At Lakeview Commons, an assisted-living center in Maplewood, 83-year-old Virginia Kemp is part of an experiment that she hopes will sharpen her mind.
"It isn't that complicated," says Kemp. "But I do think it does a lot of good for us seniors."
Kemp sits in front of a computer that's loaded with a program called [m]Power, which is short for mind power. It's sort of a computer game with a higher purpose -- to help seniors like Kemp maintain their mental acuity.
In one exercise, the computer shows Kemp a list of celebrities from her youth -- Lucille Ball, Don Knotts, Charlie Chaplin, Bob Hope, Buster Keaton, Harry Houdini and Johnny Carson. It also provides details about their hobbies and acquaintances.
It then removes the information and asks Kemp to select the person on the screen who knew Harry Houdini. It gives her four choices.
"I didn't hear him say anything about Harry Houdini," says Kemp.
She thinks for a moment and then guesses. Her answer is incorrect. But Kemp gets it right on her second try when she picks Buster Keaton.
“They're helping people reawaken what already might exist within them. They're not necessarily offering strategic instruction in how to get better.”Researcher Michael Marsiske
Officials at Lakeview Common's agreed to test [m]Power for six months to see if it would help residents. Kathy Bakkenist is chief operating officer and senior vice president of strategy and operations for Ecumen, Lakeview's parent company and Minnesota's largest nonprofit senior housing company.
"The whole point of being engaged with something like this is to continually stimulate your thinking and challenging your thinking, so that your brain is working at optimal capacity," says Bakkenist.
Lakeview staff asked for 24 volunteers to try out the computer program. Housing Director Wendy Traffie says they got 69.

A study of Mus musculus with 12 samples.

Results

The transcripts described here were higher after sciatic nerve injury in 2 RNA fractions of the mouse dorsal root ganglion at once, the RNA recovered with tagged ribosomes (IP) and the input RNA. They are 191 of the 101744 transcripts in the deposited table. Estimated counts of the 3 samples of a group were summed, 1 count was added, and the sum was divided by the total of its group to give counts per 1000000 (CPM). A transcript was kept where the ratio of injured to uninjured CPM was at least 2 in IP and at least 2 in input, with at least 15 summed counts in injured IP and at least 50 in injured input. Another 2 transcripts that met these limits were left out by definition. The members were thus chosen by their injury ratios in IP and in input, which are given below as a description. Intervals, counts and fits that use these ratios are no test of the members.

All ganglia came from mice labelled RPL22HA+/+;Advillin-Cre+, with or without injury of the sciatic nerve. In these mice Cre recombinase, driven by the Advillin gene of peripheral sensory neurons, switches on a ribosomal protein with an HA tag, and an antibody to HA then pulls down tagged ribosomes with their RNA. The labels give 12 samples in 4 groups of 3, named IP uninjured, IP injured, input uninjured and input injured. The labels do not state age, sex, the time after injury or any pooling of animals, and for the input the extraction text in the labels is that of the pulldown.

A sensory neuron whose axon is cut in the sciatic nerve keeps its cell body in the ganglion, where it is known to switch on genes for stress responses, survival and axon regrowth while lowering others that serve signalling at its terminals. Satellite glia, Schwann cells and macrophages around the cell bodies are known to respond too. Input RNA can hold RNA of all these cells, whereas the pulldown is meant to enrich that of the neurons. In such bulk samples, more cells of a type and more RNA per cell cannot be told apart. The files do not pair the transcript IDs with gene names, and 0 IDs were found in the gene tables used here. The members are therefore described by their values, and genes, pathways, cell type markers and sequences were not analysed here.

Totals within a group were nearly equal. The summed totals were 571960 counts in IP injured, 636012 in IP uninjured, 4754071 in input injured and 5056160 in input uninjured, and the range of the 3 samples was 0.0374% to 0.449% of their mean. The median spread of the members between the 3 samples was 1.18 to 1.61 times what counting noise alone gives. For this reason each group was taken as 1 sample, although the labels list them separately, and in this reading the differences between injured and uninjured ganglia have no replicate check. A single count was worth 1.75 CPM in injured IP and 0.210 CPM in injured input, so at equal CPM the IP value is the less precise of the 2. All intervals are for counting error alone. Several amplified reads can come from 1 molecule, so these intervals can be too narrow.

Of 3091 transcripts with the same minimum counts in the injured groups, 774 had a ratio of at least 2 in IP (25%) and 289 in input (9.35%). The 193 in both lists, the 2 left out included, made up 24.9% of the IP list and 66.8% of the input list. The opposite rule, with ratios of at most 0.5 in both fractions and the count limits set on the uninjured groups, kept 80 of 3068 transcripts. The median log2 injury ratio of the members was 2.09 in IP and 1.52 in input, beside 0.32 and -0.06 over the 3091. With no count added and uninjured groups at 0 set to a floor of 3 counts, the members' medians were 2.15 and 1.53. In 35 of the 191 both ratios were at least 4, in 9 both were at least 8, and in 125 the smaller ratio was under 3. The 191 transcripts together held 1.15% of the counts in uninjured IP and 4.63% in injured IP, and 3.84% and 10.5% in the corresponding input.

"I think this generation knows exactly what they're up against with the possibilities of dementia. And they're on the forefront of wanting any kind of information, research or any kind of tools that will help them from having that happen," says Traffie.
That's what inspired Virginia Kemp at Lakeview Commons to volunteer for the program.
"You know -- you go into a room to get something, and you get in there and, 'Uh, what did I come in here for?'" says Kemp. "That's what I worry about."
Kemp has only been testing [m]Power for a little over a month. And so far she says she's not sure if she has noticed any difference in her memory. But says she enjoys the daily quizzes, especially the math.
During her latest computer session, Kemp answered all 21 math problems correctly in a minute and a half. Because she did so well, the computer program will give her more difficult problems to solve the next time she signs on.
Researcher Michael Marsiske from the University of Florida says that's one sign of a good cognitive test.
"It sounds like it's adaptive, which means that it's tailored in difficulty to the level of performance of the participant. And as the participant grows the level of challenge ramps up," says Marsiske. "From what we know about cognitive training in general, that seems to be exactly the right approach."
Marsiske recently co-authored a study on cognitive training in the Journal of the American Medical Association. He and his colleagues found that seniors who took part in intensive cognitive training, performed significantly better on memory, reasoning and speed tests five years after their initial training, compared to seniors who didn't receive the training.
But Marsiske says his study used a variety of methods to stimulate seniors' brains, from small group sessions to classroom instruction and feedback. He says he's not sure that programs like [m]Power could get the same results.
"The concern that I would have about some of these training programs that exist now is that they're really involving practice," says Marsiske. "So they're helping people reawaken what already might exist within them. But they're not necessarily offering training. They're not necessarily offering strategic instruction in how to get better."
Marsiske says it's also not clear with any cognitive therapy if improved performance on tests translates into improved performance in everyday tasks, like making dinner or balancing a checkbook.